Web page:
The National Security Agency has awarded a 10-year, $2 billion contract to Hewlett Packard Enterprise for high-performance computing technology services.

The contract will see the NSA use the HPE GreenLake platform, the company's on-premises fully managed cloud services platform.

– Sebastian Moss

The deal will include a combination of HPE Apollo systems and HPE ProLiant servers, built and managed by HPE out of an undisclosed QTS data center.

The service is expected to begin in 2022.

"Implementing artificial intelligence, machine learning and analytics capabilities on massive sets of data increasingly requires High Performance Computing (HPC) systems," said Justin Hotard, SVP and GM, HPC and Mission Critical Solutions (MCS) at HPE.

"Customers are demanding HPC capabilities on their most data-intensive projects combined with easy, simple, and agile management. By using the HPE GreenLake platform, which delivers secure on-premises solutions as a service, the National Security Agency (NSA) is gaining industry-leading HPC solutions to tackle a range of complex data needs, but with a flexible, as a service experience."

The NSA also operates a huge data center in Utah, launched in 2014 for a cost of $1.5 billion. It has other data centers across the US and around the world, including in the UK and Denmark.

Last month, it awarded a $10 billion cloud contract to Amazon Web Services, but project 'WildandStormy' is currently on hold pending a legal challenge by Microsoft. The protest comes after AWS was able to kill a $10bn Azure cloud contract by the Department of Defense, after a protracted legal challenge.

The NSA has huge storage needs thanks to its mass surveillance programs that continue years after they were exposed by contractor Edward Snowden in 2013. After a five-year investigation, the Privacy and Civil Liberties Oversight Board (PCLOB), an independent government watchdog, said in July that the NSA's XKeyscore program operated with no oversight.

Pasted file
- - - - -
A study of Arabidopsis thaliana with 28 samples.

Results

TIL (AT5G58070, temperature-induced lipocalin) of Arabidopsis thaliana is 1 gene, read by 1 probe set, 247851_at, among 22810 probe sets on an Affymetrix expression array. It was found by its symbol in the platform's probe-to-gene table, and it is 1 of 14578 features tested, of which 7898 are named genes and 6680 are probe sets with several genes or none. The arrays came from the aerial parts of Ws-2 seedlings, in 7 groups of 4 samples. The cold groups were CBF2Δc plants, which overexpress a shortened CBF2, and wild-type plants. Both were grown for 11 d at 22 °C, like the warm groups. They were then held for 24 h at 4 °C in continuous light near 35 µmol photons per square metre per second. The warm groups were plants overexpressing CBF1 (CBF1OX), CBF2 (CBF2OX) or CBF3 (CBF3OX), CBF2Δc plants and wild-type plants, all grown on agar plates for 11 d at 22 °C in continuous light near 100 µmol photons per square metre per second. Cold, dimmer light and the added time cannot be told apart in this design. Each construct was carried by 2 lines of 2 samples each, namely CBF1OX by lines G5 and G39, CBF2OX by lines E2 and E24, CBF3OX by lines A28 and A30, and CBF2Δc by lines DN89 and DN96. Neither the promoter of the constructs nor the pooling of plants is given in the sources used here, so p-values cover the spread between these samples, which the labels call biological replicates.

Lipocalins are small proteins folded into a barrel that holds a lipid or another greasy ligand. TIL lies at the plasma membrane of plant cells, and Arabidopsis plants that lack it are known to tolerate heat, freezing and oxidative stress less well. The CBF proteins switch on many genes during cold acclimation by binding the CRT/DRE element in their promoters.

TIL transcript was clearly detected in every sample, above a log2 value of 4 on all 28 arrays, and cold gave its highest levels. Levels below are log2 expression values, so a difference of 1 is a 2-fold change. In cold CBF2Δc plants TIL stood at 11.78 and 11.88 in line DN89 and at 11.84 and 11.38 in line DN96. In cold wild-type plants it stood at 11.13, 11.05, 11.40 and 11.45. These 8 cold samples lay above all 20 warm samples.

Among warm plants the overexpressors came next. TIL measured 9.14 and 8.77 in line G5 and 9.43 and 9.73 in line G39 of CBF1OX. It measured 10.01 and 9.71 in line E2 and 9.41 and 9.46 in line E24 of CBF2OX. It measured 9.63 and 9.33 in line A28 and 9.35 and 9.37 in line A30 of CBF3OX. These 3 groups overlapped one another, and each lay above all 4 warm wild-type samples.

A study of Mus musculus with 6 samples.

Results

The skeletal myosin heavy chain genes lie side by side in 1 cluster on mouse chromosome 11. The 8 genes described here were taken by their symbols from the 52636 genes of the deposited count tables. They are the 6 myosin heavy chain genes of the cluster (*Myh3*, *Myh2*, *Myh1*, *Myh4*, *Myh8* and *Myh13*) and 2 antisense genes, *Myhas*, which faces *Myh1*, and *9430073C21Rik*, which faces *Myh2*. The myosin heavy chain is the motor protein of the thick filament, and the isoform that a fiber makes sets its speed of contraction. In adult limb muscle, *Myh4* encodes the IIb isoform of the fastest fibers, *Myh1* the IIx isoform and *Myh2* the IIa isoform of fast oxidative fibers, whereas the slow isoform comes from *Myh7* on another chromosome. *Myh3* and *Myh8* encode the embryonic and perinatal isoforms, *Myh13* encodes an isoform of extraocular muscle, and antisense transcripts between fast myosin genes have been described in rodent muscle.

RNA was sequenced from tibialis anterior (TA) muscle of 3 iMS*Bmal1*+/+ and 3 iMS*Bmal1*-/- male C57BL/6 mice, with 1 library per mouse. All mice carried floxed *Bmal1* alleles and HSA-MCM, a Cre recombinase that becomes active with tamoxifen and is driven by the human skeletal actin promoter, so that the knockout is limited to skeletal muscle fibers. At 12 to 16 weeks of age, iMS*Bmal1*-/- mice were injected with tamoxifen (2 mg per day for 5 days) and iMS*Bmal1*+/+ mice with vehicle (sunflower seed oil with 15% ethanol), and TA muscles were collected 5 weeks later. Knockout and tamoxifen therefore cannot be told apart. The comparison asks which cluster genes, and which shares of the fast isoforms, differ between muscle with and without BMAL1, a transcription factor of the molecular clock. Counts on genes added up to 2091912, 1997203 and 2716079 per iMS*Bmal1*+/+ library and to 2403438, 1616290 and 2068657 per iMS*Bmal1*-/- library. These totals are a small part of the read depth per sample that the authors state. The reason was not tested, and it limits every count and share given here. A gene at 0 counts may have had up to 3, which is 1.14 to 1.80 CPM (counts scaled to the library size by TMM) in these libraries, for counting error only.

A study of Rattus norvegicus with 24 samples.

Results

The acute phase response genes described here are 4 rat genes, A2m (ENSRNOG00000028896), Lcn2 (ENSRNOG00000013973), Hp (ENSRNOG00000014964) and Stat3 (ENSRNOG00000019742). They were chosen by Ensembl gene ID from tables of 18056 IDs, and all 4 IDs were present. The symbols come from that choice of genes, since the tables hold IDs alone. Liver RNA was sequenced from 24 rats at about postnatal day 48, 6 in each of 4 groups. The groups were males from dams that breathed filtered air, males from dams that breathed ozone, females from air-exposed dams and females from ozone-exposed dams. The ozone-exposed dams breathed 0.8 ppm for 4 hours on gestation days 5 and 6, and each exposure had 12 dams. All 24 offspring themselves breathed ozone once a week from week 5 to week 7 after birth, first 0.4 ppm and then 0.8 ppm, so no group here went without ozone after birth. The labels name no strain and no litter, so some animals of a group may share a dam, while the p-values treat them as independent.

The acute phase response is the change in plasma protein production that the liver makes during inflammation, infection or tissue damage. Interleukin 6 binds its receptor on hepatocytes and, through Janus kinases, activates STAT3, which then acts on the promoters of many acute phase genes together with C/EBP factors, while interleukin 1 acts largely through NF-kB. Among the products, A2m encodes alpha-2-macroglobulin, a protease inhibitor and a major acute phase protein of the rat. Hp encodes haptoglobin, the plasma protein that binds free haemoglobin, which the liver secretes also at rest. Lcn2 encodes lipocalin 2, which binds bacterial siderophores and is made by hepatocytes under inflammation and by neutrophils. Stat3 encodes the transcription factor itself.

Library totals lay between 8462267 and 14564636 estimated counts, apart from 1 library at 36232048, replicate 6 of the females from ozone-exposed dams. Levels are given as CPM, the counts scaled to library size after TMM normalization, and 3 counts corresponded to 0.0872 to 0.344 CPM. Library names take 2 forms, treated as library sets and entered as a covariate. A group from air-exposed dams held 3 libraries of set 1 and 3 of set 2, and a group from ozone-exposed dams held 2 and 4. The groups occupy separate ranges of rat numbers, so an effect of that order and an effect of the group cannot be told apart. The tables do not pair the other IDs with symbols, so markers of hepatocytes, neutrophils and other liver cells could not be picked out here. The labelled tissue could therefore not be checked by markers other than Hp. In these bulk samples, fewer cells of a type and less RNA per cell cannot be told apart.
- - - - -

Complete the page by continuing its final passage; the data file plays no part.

“What most concerned me was that we have a very powerful surveillance program that, eight years or so after exposure, still has no judicial oversight, and what I consider to be inadequate legal analysis and serious compliance infractions,” PCLOB board member Travis LeBlanc said in a partially redacted statement.

XKeyscore is just one of the NSA's known programs, but the agency has expanded to other forms of surveillance since the 2013 disclosures.

That mass data storage requires HPC systems to trawl through the lives of US citizens and those in foreign nations. "Modern electronic surveillance touches on pioneering uses of artificial intelligence/machine learning systems, including autonomous collection of massive datasets, analysis of those massive datasets through algorithmic decision-making, and many other AI/ML issues," LeBlanc said.

"Whether the public wants it or not, these systems are almost certainly here to stay."

The head of the NSA when it first built its post-9/11 mass surveillance network was General Keith Alexander, who pushed for the agency to tap the networks of Google, Microsoft, Yahoo, and Facebook, as well as all major submarine cable landing stations.

At the time, he misled the House Intelligence Committee when asked whether his agency was involved in warrantless wiretapping.

Last year, Alexander joined Amazon's board of directors.